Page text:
Oracle and Batman (Credit: “Batman: Arkham Knight”)

Rebecca Cokley, the executive director of the National Council on Disability, was kind enough to invite me to a forum at the White House on Thursday about the intersection of LGBT (lesbian, gay, bisexual and transgender) and disability issues. The event was technically off the record, but it was vociferously and enthusiastically tweeted about by the participants, and Cokley gave me permission to Storify my own tweets so you all could have some sense of the event.

There was a lot of discussion of policy, enforcement of the laws around sexual orientation, gender identity and disability, and the fights for bills like the Americans With Disabilities Act and the Affordable Care Act. But there was also a lot of conversation about culture, and what it teaches us about the world, particularly in two keynote addresses by actress Geri Jewell and comics writer Gail Simone. My tweets focused mostly on those parts of the forum:

There was one idea, really an expression of the collective stories the panelists told, that I think has a particular application for the way we talk about culture: that progress does not arrive at the same time for everyone.

LGBT folks in the same city can have wildly divergent experiences at home, at school and at work. Folks with disabilities who get into a leadership program may have a radically different education from their peers in the same school system who do not make the cut. And this is not even to get into differences across regions, classes or any other factor that can influence coming out, the quality of education you get, and the jobs and support systems that are available to you.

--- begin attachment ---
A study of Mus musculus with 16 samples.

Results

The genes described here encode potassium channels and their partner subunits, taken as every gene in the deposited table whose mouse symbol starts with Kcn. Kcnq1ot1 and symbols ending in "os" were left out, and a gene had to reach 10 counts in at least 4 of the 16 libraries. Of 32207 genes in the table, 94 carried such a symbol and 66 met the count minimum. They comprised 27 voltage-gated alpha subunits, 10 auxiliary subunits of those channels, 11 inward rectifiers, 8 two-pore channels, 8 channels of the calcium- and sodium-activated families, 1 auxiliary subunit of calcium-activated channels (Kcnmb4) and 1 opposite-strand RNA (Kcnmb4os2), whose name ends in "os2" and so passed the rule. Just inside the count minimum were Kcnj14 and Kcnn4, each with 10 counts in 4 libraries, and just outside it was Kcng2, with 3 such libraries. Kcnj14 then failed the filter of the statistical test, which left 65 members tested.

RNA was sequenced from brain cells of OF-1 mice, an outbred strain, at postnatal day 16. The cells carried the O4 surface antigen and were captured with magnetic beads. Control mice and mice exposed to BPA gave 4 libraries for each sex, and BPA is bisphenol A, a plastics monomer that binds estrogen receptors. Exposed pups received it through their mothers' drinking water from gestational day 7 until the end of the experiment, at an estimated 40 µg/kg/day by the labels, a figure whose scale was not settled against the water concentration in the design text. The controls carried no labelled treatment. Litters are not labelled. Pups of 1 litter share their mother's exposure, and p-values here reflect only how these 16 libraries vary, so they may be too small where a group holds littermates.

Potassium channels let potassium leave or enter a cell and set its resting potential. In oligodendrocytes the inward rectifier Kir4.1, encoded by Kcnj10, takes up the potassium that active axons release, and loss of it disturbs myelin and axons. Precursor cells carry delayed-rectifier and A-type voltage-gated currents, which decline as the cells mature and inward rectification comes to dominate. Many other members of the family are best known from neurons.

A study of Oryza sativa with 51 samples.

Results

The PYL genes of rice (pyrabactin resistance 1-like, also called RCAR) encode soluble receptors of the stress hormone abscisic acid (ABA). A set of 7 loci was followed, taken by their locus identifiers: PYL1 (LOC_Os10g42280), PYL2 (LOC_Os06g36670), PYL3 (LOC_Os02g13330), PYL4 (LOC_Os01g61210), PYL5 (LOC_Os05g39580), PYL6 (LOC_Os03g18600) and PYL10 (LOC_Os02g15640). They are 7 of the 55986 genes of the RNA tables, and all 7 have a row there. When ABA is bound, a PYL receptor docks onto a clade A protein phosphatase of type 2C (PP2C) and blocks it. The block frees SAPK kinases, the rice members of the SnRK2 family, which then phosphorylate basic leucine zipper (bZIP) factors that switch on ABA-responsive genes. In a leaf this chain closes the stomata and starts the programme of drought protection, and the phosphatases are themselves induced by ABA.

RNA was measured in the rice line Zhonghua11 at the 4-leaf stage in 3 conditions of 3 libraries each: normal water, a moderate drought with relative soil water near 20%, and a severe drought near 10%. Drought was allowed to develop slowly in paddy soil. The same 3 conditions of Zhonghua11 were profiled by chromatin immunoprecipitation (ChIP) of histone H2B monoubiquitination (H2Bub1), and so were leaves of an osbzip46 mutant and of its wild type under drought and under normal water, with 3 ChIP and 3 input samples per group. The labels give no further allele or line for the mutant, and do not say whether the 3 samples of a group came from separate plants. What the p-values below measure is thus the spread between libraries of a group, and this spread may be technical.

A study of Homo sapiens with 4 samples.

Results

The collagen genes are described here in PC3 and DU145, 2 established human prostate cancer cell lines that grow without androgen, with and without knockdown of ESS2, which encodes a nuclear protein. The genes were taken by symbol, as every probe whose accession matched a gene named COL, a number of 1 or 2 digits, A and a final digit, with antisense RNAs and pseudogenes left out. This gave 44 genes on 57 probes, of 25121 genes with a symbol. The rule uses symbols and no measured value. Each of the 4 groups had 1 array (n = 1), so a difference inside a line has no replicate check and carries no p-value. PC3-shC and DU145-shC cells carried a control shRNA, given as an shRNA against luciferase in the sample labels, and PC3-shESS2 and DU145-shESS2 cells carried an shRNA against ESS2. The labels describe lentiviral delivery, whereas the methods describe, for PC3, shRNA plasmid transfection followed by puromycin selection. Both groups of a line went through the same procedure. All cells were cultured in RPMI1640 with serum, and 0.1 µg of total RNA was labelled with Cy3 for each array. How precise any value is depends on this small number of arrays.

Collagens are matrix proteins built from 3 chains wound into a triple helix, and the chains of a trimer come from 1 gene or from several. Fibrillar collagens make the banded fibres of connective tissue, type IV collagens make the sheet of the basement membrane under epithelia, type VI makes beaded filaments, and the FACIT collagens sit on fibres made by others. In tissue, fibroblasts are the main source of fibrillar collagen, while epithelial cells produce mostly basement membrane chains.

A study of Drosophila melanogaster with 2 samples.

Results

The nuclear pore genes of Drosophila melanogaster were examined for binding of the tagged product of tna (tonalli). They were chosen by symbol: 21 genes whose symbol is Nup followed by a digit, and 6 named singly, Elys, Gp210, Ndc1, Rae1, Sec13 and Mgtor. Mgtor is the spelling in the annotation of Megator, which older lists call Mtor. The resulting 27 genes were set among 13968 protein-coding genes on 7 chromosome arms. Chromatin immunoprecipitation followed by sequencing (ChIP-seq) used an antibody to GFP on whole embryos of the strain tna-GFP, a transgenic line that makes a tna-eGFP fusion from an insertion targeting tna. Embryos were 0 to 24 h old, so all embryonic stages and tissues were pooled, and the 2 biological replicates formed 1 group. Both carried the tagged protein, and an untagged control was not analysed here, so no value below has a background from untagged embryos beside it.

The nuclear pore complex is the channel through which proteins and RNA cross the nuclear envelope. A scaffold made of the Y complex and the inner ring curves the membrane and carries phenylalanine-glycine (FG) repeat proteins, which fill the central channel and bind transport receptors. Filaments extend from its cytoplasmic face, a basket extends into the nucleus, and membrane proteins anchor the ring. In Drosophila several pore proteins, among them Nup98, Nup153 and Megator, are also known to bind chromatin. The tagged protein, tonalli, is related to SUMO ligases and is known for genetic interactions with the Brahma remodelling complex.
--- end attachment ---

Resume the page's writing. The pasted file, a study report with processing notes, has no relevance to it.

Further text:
For this reason, it is terribly important to remember that making culture more diverse is not a matter of simply putting members of an underrepresented community on screen. You cannot give audiences the same affluent, white gay men and claim you are representing the gay community. You cannot give audiences only people who began using wheelchairs after car wrecks and decide you have fulfilled your quota of characters with disabilities.

The shift away from representing gay men as predators to treating them like people with emotional and professional lives is a significant step, but it is the first one. The realization that people with disabilities have sexuality, too, an important aspect of the early years of “Glee,” is a start, but not an ending. If including characters with disabilities or LGBT characters is just an occasion to develop extremely limited new tropes, that is not just a failure of diversity. It is a failure of a great creative opportunity.

Alyssa Rosenberg blogs about pop culture for The Washington Post's Opinions section.